Summary: [Future EAPI] dosym -r to create relative symlinks
Status: CONFIRMED
Alias: None
Product: Gentoo Hosted Projects
Classification: Unclassified
Component: PMS/EAPI (show other bugs)
Hardware: All Linux
: Normal normal (vote)
Assignee: PMS/EAPI
URL:
Whiteboard:
Keywords:
Depends on:
Blocks: future-eapi
Modified: 2020-02-06 11:12 UTC (History)
2 users (show)

See Also:
Package list:
Runtime testing required: ---


Like "ln -s -r" from GNU coreutils.

Shouldn't be too difficult to emulate this in bash for non-coreutils implementations of ln. For example, eselect is already doing this:
https://gitweb.gentoo.org/proj/eselect.git/tree/libs/path-manipulation.bash.in#n69
Comment 1 Michał Górny archtester Gentoo Infrastructure gentoo-dev Security 2020-02-05 16:53:46 UTC
It should probably come with a big fat note that it won't figure out symlinks if they get in the way.
Comment 2 Ulrich Müller gentoo-dev 2020-02-05 17:31:51 UTC
(In reply to Michał Górny from comment #1)
> It should probably come with a big fat note that it won't figure out
> symlinks if they get in the way.

Relative symlinks should work, I think, because the paths are canonicalised. If the image in ${D} contains absolute links then you lose of course.
Comment 3 Ulrich Müller gentoo-dev 2020-02-05 17:38:58 UTC
In #gentoo-qa we came up with this:
- dosym without option accepts only a relative path as first argument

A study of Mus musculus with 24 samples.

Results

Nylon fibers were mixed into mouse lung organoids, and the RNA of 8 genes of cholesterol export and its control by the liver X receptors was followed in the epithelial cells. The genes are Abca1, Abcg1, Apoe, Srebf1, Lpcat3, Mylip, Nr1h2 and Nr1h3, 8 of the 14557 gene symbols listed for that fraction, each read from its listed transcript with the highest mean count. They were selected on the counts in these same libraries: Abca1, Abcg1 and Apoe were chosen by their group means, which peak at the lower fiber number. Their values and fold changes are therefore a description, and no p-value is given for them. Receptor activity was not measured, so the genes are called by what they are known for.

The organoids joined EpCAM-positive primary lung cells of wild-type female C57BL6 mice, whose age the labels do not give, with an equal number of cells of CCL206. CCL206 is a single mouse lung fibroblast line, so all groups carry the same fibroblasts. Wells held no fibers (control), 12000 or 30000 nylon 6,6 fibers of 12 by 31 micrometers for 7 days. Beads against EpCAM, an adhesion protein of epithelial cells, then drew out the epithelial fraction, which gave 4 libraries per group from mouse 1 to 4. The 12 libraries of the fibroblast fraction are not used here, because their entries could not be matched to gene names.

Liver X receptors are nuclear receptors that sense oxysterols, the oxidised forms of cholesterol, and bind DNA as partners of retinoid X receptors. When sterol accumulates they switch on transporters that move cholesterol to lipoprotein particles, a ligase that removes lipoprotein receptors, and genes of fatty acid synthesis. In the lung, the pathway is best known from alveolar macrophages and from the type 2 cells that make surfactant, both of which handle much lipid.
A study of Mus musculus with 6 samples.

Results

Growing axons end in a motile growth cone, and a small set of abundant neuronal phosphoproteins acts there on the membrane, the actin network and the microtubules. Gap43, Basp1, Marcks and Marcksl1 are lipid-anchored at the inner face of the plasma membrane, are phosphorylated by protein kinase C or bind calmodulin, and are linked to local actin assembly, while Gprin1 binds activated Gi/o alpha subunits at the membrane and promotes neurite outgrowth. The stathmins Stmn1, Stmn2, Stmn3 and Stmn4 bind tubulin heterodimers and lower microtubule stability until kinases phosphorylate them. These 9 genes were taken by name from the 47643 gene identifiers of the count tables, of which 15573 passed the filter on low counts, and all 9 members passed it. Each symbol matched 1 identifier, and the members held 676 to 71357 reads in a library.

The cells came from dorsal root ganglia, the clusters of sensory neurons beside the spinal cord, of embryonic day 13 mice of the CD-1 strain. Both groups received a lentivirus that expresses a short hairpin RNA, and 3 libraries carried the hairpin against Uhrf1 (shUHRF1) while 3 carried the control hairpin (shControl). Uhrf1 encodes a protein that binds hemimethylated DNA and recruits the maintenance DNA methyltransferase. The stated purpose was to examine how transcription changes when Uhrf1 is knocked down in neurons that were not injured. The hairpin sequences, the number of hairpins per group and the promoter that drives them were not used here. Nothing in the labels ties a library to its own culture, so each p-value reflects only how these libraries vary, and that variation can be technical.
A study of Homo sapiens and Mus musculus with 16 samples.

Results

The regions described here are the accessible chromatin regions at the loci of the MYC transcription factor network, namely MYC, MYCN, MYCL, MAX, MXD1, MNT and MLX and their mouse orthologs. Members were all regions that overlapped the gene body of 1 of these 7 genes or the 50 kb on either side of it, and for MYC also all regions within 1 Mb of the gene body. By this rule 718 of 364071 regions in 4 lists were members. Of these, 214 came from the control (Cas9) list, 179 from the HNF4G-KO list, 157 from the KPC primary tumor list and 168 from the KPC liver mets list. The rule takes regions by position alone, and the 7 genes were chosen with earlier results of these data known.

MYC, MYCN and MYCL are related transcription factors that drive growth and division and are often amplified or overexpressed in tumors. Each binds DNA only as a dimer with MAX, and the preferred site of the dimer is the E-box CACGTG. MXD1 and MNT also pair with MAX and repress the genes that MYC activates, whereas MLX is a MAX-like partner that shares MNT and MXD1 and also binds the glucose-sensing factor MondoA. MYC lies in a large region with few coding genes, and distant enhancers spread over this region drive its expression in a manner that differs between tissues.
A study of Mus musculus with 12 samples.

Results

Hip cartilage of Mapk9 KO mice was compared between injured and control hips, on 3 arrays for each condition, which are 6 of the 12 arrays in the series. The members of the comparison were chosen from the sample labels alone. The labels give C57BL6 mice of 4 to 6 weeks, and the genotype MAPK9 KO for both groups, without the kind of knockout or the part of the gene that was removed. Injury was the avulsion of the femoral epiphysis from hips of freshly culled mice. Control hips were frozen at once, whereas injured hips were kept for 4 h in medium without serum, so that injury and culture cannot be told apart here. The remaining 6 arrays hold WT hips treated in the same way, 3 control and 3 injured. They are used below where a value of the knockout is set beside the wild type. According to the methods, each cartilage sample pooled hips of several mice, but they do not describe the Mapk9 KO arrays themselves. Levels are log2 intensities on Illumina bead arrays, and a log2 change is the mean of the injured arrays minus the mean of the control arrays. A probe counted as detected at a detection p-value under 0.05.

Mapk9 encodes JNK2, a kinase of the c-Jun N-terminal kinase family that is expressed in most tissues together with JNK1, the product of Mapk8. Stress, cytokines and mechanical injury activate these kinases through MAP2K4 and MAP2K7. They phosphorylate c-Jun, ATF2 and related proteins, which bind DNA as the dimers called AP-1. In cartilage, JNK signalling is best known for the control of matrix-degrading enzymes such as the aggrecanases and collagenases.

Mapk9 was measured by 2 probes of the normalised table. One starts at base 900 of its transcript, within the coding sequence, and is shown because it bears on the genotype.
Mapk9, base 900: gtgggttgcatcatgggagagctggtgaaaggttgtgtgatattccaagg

- dosym -r expands the first arg relative to the link location
- dosym -l (or -a for "absolute"?) treats the first arg as a literal string
Comment 4 Michał Górny archtester Gentoo Infrastructure gentoo-dev Security 2020-02-05 17:43:47 UTC
(In reply to Ulrich Müller from comment #2)
> (In reply to Michał Górny from comment #1)
> > It should probably come with a big fat note that it won't figure out
> > symlinks if they get in the way.
> 
> Relative symlinks should work, I think, because the paths are canonicalised.
> If the image in ${D} contains absolute links then you lose of course.

I meant directory symlinks along the way.

E.g.:

ROOT has /a/b -> ../c
D has plain /a/b directory
you 'dosym -r /a/d /a/b/c'
you get ../d as target

I think we should just make it clear that '-d' doesn't work if there are directory symlinks along the way, whether they are reproduced in D or not.
Comment 5 Ulrich Müller gentoo-dev 2020-02-06 11:12:25 UTC
I think the spec would define that both target and directory will be canonicalised by the same algorithm as used in "readlink -f". Portage already has a canonicalize() shell replacement in misc-functions.sh, so we don't have to worry about systems where readlink doesn't support the -f option.

Alternatively, we could canonicalise using "realpath -m -s" from >=coreutils-8.15, which would purely act on the string, without looking at the filesystem. But IMHO that would be inferior to the above method.